Diabetic peripheral neuropathy is the term used to describe nerve damage affecting the extremities. Also referred to as diabetic neuropathy or peripheral neuropathy, this disorder causes an interruption in information sent from the central nervous system to other parts of the body. Diabetic peripheral neuropathy is caused by low blood glucose levels and is one of the leading causes of leg and foot amputation in diabetics. While not every person with diabetes develops neuropathy, many do.
Individuals suffering from diabetic peripheral neuropathy may be asymptomatic, particularly at the onset of this disorder. With time, however, patients begin to experience numbness and tingling beginning in the feet before symptoms gradually ascend to the legs. Symptoms may also include ulcers in the legs and feet, which may heal slowly or not at all. Some with diabetic peripheral neuropathy may also experience impaired mobility due to muscle shrinkage, which is also a common symptom of this nerve disorder.
It is not uncommon for a doctor to be the first to realize the symptoms of diabetic peripheral neuropathy. Due to a decrease in sensation, some people are unaware of changes occurring in their extremities. Individuals with this disorder are also the frequent victims of household burns and cuts as the result of feeling loss, which includes desensitization to pain, heat and cold.
Neuropathy is sometimes discovered during a routine checkup where a doctor closely examines a diabetic patient’s feet and legs. For this reason, diabetic patients are always asked to remove stockings or socks during an examination to allow doctors to check for blisters, cuts, wounds or other signs of injury that the patient may not be aware of. When injuries are unnoticed, many become infected. It is when untreated infection spreads to a patient’s bone that amputation becomes necessary. During an examination, doctors will also check a patient’s reflexes, as many with diabetic peripheral neuropathy experience deficits in this area, as well.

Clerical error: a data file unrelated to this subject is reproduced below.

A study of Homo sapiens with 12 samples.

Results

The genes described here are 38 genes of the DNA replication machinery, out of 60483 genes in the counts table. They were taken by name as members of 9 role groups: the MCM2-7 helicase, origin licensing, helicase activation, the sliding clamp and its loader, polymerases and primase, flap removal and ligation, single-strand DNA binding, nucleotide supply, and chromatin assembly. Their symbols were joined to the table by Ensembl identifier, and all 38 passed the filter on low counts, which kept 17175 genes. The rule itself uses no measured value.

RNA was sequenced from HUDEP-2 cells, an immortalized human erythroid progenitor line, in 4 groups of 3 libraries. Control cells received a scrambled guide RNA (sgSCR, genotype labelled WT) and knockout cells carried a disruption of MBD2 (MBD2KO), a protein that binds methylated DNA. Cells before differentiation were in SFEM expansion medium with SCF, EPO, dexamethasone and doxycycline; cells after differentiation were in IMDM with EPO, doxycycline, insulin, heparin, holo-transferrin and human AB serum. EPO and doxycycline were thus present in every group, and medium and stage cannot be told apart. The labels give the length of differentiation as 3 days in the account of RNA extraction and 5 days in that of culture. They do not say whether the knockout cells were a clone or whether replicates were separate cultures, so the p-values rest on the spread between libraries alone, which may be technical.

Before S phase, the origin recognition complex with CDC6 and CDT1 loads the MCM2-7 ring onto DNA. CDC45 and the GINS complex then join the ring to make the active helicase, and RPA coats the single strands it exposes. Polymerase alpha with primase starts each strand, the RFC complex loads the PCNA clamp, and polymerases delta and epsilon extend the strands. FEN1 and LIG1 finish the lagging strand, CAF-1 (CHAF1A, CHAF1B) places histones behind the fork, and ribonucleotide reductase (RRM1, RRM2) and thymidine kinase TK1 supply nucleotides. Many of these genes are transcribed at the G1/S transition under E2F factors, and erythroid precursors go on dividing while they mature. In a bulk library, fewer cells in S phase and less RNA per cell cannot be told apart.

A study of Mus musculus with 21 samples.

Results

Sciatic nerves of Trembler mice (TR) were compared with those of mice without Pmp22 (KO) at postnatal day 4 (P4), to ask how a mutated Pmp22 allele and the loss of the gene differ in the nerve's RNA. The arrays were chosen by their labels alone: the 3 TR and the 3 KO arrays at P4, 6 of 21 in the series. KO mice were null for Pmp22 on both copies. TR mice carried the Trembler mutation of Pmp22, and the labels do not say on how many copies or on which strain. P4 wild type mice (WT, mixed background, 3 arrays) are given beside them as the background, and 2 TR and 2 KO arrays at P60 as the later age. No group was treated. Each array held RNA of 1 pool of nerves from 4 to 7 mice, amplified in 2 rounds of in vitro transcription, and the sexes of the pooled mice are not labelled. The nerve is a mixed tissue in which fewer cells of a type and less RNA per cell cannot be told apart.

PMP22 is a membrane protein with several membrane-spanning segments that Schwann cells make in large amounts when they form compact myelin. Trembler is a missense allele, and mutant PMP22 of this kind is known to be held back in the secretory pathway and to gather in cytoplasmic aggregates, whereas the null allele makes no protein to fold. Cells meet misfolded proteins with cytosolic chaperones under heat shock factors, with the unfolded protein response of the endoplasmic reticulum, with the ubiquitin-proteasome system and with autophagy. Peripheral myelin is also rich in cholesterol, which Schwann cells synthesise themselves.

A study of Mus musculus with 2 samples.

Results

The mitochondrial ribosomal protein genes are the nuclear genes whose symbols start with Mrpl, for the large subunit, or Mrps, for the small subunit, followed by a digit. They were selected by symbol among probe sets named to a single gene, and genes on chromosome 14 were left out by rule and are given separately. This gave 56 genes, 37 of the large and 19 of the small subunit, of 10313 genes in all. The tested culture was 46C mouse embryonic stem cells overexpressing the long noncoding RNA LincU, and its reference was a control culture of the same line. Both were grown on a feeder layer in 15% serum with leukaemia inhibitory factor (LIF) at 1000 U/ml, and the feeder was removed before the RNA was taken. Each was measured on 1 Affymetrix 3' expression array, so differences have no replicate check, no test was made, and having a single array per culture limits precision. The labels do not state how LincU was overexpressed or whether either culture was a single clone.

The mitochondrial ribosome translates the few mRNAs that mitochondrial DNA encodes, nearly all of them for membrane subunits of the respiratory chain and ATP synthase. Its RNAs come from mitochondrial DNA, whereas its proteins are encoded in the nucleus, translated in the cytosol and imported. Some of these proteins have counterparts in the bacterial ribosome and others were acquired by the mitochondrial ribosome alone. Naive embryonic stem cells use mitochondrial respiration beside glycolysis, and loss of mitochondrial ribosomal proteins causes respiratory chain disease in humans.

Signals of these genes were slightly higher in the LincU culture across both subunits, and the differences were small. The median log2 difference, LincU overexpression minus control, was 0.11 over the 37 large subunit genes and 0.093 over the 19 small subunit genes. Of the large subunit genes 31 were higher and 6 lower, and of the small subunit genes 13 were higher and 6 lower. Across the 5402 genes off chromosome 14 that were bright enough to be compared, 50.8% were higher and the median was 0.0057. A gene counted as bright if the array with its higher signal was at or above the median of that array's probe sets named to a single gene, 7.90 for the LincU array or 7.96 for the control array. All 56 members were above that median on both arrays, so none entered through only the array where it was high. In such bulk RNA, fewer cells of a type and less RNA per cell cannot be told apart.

Diabetic peripheral neuropathy is not reversible, but it can be managed and its progression slowed to prevent amputation if detected early enough. Treatment for diabetic peripheral neuropathy symptoms involve strict blood glucose monitoring to prevent further nerve damage, as well as pain medications to offer relief from symptoms. Individuals with various types of neuropathy also sometimes develop depression due to emotional feelings about their health, as well as a lack of sleep due to neuropathy symptoms. When depression develops, treatment may also involve antidepressant medications.